Pest Management and Orchard Floor Management Strategies to Reduce Pesticide and Nitrogen Inputs

1991 Annual Report for LS91-036

Project Type: Research and Education
Funds awarded in 1991: $150,000.00
Projected End Date: 12/31/1993
Matching Non-Federal Funds: $74,656.00
Region: Southern
State: Oklahoma
Principal Investigator:
Michael Smith
Oklahoma State University

Pest Management and Orchard Floor Management Strategies to Reduce Pesticide and Nitrogen Inputs

Summary

Objectives
The purpose of this study is to develop and test a pest management and orchard floor management system for use by pecan growers. The system utilizes winter legumes interplanted in the orchard to produce and manage native beneficial insect predators and parasites for early-season aphid control. The system also utilizes release of commercially available predators and parasites for mid- and late-season aphid control and control of lepidopterous pests. Legumes are managed to supply the pecan nitrogen requirement.

Approach
Annual legume ground covers were evaluated in pecan (Carya illinoinensis [Wangenheim] K. Koch) to supply nitrogen and increase beneficial arthropods. Releases of Chrysopa rufilabris (Burmeister) (Neuroptera: Chrysopidae) were evaluated as a biological control for late-season pecan aphids.

Treatments were 5 ha of a ‘Dixie’ crimson clover (Trifolium incarnatum L.) and hairy vetch (Vicia villosa Roth) mixture and 5 ha of grass sod. Nitrogen was applied at 0-168 kg.ha-1 in 56 kg increments to grass plots but no nitrogen was applied to the legume plots.

The most abundant beneficial arthropods sampled in the legumes were spiders, lady beetles, green lacewings and nabids, respectively. Legume ground covers did not increase the densities of beneficial species in the pecan canopies. The most abundant beneficial arthropods in the pecan canopies were spiders, green lacewings, brown lacewings and lady beetles, respectively. Predominant lady beetle species in the legumes were Hippodamia convergens (Guerin-Meneville), Coleomegilla maculata lengi (Mulsant) and Coccinella septempunctata (L.) (Coleoptera: Coccinellidae) while the most abundant species in the pecan canopies were Olla v-nigrum (Mulsant), Cycloneda munda (Say) and Hippodamia convergens.

Releases of Chrysopa rufilabris were not effective as a biological control of pecan aphids. Release of Trichogramma sp. to control pecan nut casebearer (Acrobasis nuxvorella) and hickory shuckworm (Acrobasis nuxvorella) was ineffective. The legume mixture supplied over 100 kg.ha-1 N to the pecan trees. Legumes significantly increased soil nitrate concentration during the fall compared to soil from grass plots.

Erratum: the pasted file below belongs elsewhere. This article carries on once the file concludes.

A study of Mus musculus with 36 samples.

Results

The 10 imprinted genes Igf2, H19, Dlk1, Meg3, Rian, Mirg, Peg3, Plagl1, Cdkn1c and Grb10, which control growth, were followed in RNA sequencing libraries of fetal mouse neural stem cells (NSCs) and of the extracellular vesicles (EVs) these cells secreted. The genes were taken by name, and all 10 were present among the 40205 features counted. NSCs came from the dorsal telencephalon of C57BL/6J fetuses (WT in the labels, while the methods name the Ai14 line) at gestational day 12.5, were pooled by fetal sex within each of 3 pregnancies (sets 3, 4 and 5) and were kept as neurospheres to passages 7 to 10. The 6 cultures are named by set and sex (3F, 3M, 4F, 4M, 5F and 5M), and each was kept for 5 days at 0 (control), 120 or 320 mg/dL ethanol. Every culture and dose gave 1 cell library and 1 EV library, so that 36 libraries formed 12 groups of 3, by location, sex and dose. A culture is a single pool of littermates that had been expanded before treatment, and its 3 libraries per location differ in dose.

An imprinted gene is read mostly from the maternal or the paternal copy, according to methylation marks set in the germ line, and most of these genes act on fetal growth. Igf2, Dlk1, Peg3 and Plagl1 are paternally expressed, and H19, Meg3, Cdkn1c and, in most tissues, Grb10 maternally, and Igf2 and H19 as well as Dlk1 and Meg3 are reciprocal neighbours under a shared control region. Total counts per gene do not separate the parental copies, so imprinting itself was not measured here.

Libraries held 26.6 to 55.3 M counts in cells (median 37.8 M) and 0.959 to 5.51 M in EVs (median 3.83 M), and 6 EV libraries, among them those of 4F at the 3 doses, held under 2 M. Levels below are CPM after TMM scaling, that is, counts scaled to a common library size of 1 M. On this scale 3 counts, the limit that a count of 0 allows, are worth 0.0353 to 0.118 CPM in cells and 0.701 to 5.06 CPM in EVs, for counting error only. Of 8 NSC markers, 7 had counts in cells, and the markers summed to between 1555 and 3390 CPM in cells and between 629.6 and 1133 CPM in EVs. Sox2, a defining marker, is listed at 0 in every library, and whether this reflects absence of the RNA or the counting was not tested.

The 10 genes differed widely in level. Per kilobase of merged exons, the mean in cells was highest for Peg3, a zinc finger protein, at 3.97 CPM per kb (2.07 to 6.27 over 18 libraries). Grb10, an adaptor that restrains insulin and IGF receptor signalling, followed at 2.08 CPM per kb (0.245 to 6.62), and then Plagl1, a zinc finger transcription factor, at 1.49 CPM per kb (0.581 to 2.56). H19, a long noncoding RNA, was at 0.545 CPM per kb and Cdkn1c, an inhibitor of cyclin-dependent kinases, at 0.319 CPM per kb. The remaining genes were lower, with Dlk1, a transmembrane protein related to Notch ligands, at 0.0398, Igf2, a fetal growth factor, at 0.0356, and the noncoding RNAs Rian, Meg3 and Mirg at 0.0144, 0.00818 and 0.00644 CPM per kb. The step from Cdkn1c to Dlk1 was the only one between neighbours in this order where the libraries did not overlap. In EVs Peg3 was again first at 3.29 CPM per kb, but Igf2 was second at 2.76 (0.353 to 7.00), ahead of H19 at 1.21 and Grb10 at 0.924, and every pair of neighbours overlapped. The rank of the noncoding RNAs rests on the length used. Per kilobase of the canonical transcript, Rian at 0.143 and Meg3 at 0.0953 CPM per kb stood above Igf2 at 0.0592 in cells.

Results
Beneficial arthropods were more abundant in orchards with legume ground covers compared to those orchards with grass ground covers. These beneficials were attracted into the orchards because of the large aphid populations feeding on the legumes. However, beneficials in the pecan canopies were similar using either a legume or non-legume ground cover. Aphids feeding in the pecan canopies were usually lower using a legume ground cover.

Release of green lacewings for mid- and late-season aphid control was detrimental to lacewing populations. Although green lacewing egg laying and pupae were increased by supplemental releases, parasitism of the green lacewing eggs and pupae was increased, thus populations of green lacewings were similar or lower than in orchards without supplemental releases. However, in both cases aphids did not increase to injurious levels.

Trichogramma releases to control pecan nut casebearer and hickory shuckworm were not successful. Although populations of these two lepidopterous pests were reduced, their damage was above acceptable levels.

Legume ground covers produced abundant nitrogen which satisfied the nitrogen requirement of the pecans. Our results indicated that legumes supplied the equivalent of 130 to 165 pounds of nitrogen/acre to the pecan trees. An additional benefit of annual legume ground covers was a reduction in the number of times the orchard required mowing. Because the legumes formed a dense mulch when they senesced, orchards were only mowed twice compared to five to six times with grass ground covers. Legume ground cover may eliminate one to two pesticide applications, plus reduce mowing costs and supply the nitrogen requirement; however, costs would be added for seed bed preparation and seed, with a net reduction in input costs of about $20 to $40/acre.